The news business – at least in many advance democracies – is in a kind of crisis. Though the Great Recession added to the woes of many news organizations, financial pressures have been building for a much longer time period. Declining print circulations, the squeeze of free content online, and intense pressure from investors are just a few of the dimensions of the crisis. For many organizations, foreign news budgets have been a prime target for cuts.
In a more inter-dependent and globalized world we need more and not fewer foreign correspondents. Blogging and social media reporting only goes so far. Without reporters around the globe, prominent newspapers and broadcast channels are forced to rely on wire services such as the Associated Press and Reuters for a growing portion of their coverage. (Too many outlets are also overly focused on commentary and punditry, which often does little to inform the public of world events.)
There is nothing inherently wrong with wire services – and both the AP and Reuters do fine work – but there are dangers in relying on a shrinking pool of reporters. Sadly, many news consumers are not very attuned to this downsizing of foreign news.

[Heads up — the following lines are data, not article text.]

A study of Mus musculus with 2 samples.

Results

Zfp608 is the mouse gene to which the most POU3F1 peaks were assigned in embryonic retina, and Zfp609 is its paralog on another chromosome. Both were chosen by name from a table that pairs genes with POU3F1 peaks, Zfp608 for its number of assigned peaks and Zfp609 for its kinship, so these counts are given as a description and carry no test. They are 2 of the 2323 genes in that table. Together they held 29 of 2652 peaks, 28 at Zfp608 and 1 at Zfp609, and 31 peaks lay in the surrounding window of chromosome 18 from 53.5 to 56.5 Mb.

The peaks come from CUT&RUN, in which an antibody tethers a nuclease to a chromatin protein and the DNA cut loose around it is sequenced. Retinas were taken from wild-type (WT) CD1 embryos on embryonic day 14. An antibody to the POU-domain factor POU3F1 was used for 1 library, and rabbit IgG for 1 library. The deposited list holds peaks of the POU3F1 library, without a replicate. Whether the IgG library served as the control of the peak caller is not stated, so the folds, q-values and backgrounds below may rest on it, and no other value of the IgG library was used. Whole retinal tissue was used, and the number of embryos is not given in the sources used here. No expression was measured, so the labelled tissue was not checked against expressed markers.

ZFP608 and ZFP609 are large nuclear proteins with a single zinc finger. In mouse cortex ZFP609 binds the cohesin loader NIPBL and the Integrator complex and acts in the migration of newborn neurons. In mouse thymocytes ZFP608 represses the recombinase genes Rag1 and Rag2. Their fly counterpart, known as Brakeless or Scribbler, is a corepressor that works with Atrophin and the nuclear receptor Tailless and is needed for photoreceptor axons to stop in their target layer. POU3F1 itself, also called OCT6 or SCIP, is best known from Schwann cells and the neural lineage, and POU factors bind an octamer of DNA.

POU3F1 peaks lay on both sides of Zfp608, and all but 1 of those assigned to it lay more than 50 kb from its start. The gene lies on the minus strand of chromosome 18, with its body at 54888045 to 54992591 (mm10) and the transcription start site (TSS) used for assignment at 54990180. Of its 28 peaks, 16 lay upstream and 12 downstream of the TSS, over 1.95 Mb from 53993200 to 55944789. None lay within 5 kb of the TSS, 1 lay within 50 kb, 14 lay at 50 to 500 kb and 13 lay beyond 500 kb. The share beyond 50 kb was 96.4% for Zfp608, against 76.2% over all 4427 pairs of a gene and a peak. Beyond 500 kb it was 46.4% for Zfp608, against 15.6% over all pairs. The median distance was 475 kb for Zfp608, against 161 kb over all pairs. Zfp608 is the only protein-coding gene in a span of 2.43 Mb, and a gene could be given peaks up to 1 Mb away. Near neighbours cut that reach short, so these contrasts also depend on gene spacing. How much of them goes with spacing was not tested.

We need more news organizations that model the British Broadcasting Corporation (BBC). No, I’m not necessarily calling for more public funding of journalism. The BBC is actually an outlier in the degree of separation it maintains from the British government; public broadcasters as propaganda purveyors are quite common in the world. What should be emulated is the excellent breadth of geographic coverage that the BBC maintains, even in an age of austerity. The London-based organization has long been known for having its own correspondents in most countries of the world. In comparison, CNN and National Public Radio (of the USA) don’t come close to the density of place-rooted reporters. Long live the BBC (model).
*** Did you like what you read here? You might be interested in the new book by this blog’s author, Failed States: Realities, Risks, and Responses.